Khawaja’s selection marks a new era in Australian cricket

2010-12-31 00:00

IN a few days Usman Khawaja will become the first Muslim to represent Australia at cricket. It might seem unfair to mention his faith, but it is the fate of minorities to represent more than themselves. Khawaja’s selection is another step towards the enlightenment, the time when every man is judged solely by the content of his character.

It is also a significant step for Australian cricket. To its modern frustration, Cricket Australia has been presiding over a monoculture. In its long history, Australia has not fielded a single Hindu or Buddhist. Aborigines have been few and far between and the team has remained mostly white. Large chunks of the population were not utilised. Other disciplines have been luckier (if it is luck). At last the barriers are breaking. And nothing advances the position along half as well as the sight of a bright and talented player stepping fearlessly forward.

Inescapably Khawaja’s background is relevant. Indeed it is a cause for celebration. It is not so very long ago that a youngster of his colour and conviction might have found his path to the top blocked. Even now tensions endure as caricatures persist. Simply by attending to his own affairs, Khawaja will help to break them down.

Already the newcomer has shown strength of character. His first few matches for the NSW second XI coincided with the Cronulla riots. Observing his name on the list, and anxious to show that neither Muslims nor Australians ought to be judged by the actions of a headstrong few, the Sydney Morning Herald went to meet him.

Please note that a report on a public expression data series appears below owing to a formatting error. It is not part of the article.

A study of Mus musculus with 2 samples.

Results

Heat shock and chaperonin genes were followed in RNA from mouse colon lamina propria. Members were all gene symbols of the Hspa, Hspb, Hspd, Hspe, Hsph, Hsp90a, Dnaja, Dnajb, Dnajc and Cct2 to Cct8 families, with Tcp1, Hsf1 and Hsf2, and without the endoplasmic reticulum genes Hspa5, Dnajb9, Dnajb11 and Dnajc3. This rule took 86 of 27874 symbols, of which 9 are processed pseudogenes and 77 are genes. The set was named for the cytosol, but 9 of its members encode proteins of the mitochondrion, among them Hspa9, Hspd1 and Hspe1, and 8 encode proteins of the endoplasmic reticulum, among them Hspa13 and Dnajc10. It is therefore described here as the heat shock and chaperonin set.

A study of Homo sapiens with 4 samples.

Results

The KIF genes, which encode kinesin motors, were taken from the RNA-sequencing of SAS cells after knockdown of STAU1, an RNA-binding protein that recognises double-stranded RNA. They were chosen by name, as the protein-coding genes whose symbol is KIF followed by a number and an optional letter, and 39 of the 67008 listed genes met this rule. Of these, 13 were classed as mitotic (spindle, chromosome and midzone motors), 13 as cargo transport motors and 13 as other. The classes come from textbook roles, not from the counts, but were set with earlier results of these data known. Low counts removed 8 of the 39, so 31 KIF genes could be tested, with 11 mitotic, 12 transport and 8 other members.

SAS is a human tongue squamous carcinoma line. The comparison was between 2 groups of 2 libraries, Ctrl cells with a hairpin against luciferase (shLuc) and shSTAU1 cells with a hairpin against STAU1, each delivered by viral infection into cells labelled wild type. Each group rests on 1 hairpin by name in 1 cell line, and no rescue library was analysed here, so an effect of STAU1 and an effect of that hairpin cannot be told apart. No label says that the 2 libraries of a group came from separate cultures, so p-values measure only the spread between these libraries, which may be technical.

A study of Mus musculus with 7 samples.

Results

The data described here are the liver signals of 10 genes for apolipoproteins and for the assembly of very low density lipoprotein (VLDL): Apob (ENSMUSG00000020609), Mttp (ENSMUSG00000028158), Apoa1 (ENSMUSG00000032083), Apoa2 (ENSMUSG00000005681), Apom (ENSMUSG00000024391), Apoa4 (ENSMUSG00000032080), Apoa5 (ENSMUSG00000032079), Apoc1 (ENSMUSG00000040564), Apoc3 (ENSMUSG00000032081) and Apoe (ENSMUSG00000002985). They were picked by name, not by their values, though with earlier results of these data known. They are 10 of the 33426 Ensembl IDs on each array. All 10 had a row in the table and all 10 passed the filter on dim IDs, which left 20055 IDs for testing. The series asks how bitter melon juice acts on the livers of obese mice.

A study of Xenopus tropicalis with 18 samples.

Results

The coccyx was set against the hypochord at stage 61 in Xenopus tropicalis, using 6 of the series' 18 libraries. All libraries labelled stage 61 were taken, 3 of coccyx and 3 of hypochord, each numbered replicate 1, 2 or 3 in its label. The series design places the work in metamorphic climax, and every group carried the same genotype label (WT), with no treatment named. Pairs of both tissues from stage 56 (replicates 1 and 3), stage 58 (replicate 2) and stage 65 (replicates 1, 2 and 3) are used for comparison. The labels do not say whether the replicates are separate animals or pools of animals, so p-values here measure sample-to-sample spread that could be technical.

Khawaja proved to be bright, popular and cheerful. He is a playful fellow and none of the furies can be detected in him. Asked about the lack of Muslims in Australian cricket he observed that, “Maybe they don’t think they can go all the way. Also, studies are very important in subcontinental societies.” He is not fighting any battle or proving any point, merely trying to play cricket as well as he can. It’s a tough enough challenge

He was born 24 years ago in Islamabad, a few years before his family settled in Australia. Iqbal, his father, liked the country because of its open ground and big playing areas. He thought it’d be a good place to raise a family, and so it has proved.

In so many ways Khawaja is a typical young cricketer. Like his comrades he listens to rap and rock. He has a nickname, too, and rejoices in it. Team-mates call him “Used Car Yard”. Not that he is exactly the same. Aspiring cricketers cannot be put in a box. Perhaps he does not talk quite as much about clothes, or think as much about tattoos or poker. Still, he is part of the room, part of the cricketing family.

Undoubtedly he deserves his chance. After years of hard work and sturdy batting he has forced his way into the side. An alert left-hander, he has an acquisitive, orthodox and well organised game. He will bat at first wicket down, stepping into the shoes temporarily vacated by an ailing and ageing captain. It is his home ground and his family and friends will be watching, but still the heart will be pounding.

Whereas others dazzled their way forwards, Khawaja has earned his spot the old fashioned way, by scoring a stack of runs, including a double century in the first Shield match of this campaign.

No harsh words are said about him. It’s not because he is brown or Muslim, but because he is liked and respected.

Cricket counts amongst the most diverse of games. Its small group of senior nations includes brown, black and white, Muslim, Hindu, Buddhist and Christian. Of course it is not all sweetness and light but it is a miracle of sorts.

Of course Khawaja will not be thinking about that and rightly so. He will be concentrating on that proud moment when his captain hands him his baggy green cap and about the nerve-wracking prospect of walking out to bat for his country for the first time and facing the best Jimmy Anderson and all England has to offer.

• Peter Roebuck is an international cricket correspondent who is based in the KZN midlands, and is currently covering the Ashes tour in Australia.